SEC Filings

424B5
SUN COMMUNITIES INC filed this Form 424B5 on 05/30/2019

Notwithstanding the above, however, a portion of the dividends paid by a “pension held REIT” are treated as UBTI if received by any trust which is described in Section 401(a) of the Code, is tax-exempt under Section 501(a) of the Code and holds more than 10%, by value, of the interests in the REIT.

Tax-exempt pension funds that are described in Section 401(a) of the Code are referred to below as “pension trusts.”

A REIT is a pension held REIT if it meets the following two tests:

 

  (1)

it qualified as a REIT only by reason of Section 856(h)(3) of the Code, which provides that stock owned by pension trusts will be treated, for purposes of determining if the REIT is closely held, as owned by the beneficiaries of the trust rather than by the trust itself; and

 

  (2)

either (a) at least one pension trust holds more than 25% of the value of the REIT’s stock, or (b) a group of pension trusts each individually holding more than 10% of the value of the REIT’s shares, collectively owns more than 50% of the value of the REIT’s shares.

The percentage of any REIT dividend treated as UBTI is equal to the ratio of the UBTI earned by the REIT, treating the REIT as if it were a pension trust and therefore subject to tax on UBTI, to the total gross income of the REIT. An exception applies where the percentage is less than 5% for any taxable year.

U.S. Taxation of Non-U.S. Stockholders

Distributions by Sun

Distributions by us to a non-U.S. stockholder that are neither attributable to gain from sales or exchanges by us of “U.S. real property interests” nor designated by us as capital gains dividends will be treated as dividends of ordinary income to the extent that they are made out of our current or accumulated earnings and profits. These distributions ordinarily will be subject to withholding of U.S. federal income tax on a gross basis at a rate of 30% (or a lower rate as permitted under an applicable income tax treaty), unless the dividends are treated as effectively connected with the conduct of a U.S. trade or business (and as attributable to a U.S. permanent establishment of the non-U.S. stockholder, if an income tax treaty applies to such non-U.S. stockholder). Under some treaties, however, lower withholding rates generally applicable to dividends do not apply to dividends from REITs. Dividends that are effectively connected with a trade or business will be subject to tax on a net basis, that is, after allowance for deductions, at graduated rates, in the same manner as U.S. stockholders are taxed with respect to these dividends, and generally will not be subject to withholding. Applicable certification and disclosure requirements must be satisfied to be exempt from withholding under the effectively connected income exemption. Any dividends received by a corporate non-U.S. stockholder that is engaged in a U.S. trade or business also may be subject to an additional branch profits tax at a 30% rate (applicable after deducting U.S. federal income taxes paid on such effectively connected income), or lower applicable treaty rate.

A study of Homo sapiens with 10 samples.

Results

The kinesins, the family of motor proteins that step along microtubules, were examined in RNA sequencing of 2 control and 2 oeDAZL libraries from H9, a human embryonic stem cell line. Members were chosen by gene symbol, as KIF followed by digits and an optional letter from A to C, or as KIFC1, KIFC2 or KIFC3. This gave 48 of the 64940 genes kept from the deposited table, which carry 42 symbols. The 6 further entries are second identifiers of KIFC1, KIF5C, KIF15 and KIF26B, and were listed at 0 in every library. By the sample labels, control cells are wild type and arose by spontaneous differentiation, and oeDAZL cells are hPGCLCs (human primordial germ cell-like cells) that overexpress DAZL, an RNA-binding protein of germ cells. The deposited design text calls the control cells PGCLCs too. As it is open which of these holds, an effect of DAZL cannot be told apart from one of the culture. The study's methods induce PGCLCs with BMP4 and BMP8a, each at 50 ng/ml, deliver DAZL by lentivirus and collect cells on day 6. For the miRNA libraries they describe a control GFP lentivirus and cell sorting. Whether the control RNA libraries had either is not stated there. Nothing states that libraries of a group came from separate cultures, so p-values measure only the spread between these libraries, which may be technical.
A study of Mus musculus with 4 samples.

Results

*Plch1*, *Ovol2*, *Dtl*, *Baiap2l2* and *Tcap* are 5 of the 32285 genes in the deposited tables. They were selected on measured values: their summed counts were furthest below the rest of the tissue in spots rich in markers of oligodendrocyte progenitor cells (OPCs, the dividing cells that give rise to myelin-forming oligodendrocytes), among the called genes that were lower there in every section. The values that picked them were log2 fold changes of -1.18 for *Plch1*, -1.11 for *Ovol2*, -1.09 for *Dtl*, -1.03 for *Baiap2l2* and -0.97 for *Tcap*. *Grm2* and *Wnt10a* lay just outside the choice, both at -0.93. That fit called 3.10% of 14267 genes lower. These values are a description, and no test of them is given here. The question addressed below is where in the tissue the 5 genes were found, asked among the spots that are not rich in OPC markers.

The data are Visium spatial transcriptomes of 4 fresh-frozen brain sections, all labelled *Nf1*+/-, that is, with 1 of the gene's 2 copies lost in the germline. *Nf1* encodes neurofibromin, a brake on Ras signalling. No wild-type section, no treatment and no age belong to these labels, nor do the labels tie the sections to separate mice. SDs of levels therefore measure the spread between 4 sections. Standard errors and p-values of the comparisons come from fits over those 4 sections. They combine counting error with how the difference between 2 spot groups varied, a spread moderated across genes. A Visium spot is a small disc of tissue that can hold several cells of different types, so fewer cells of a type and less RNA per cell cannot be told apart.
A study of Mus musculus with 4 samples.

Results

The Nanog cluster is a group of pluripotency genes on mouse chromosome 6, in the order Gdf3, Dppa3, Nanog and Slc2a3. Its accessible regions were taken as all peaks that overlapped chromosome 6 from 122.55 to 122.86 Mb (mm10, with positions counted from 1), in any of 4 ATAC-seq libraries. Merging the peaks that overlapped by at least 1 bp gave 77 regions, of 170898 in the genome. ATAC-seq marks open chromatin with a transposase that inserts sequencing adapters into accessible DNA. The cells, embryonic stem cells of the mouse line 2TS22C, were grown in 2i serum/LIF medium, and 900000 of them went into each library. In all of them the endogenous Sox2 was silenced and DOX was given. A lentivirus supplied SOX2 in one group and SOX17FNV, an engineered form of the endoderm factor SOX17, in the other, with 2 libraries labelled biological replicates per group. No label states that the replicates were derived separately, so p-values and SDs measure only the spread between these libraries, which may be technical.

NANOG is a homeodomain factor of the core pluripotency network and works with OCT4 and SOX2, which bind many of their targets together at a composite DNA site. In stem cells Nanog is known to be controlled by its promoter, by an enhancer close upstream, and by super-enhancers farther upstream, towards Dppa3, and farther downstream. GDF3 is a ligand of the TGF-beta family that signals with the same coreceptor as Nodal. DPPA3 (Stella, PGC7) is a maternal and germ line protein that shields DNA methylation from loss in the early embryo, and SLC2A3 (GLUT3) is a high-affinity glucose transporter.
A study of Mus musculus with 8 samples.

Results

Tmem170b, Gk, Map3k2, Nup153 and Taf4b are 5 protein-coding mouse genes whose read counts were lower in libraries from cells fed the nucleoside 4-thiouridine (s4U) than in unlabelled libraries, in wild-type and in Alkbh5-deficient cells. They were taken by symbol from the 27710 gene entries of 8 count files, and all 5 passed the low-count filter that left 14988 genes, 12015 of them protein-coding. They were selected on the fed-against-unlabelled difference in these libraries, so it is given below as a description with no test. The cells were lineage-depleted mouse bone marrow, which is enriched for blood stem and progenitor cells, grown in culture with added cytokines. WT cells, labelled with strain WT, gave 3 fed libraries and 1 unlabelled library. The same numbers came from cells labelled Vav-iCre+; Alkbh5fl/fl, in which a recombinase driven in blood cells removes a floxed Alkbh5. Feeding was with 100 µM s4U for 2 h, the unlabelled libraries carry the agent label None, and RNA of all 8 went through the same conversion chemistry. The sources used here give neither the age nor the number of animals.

Distributions in excess of our current and accumulated earnings and profits that exceed the non-U.S. stockholder’s adjusted tax basis in its common stock will be taxable to a non-U.S. stockholder as gain from the sale of common stock, which is discussed below. Distributions in excess of our current or accumulated earnings and profits that do not exceed the adjusted tax basis of the non-U.S. stockholder in its common stock will reduce the non-U.S. stockholder’s adjusted tax basis in its common stock and will not be subject to U.S. federal income tax, but will be subject to U.S. withholding tax as described below.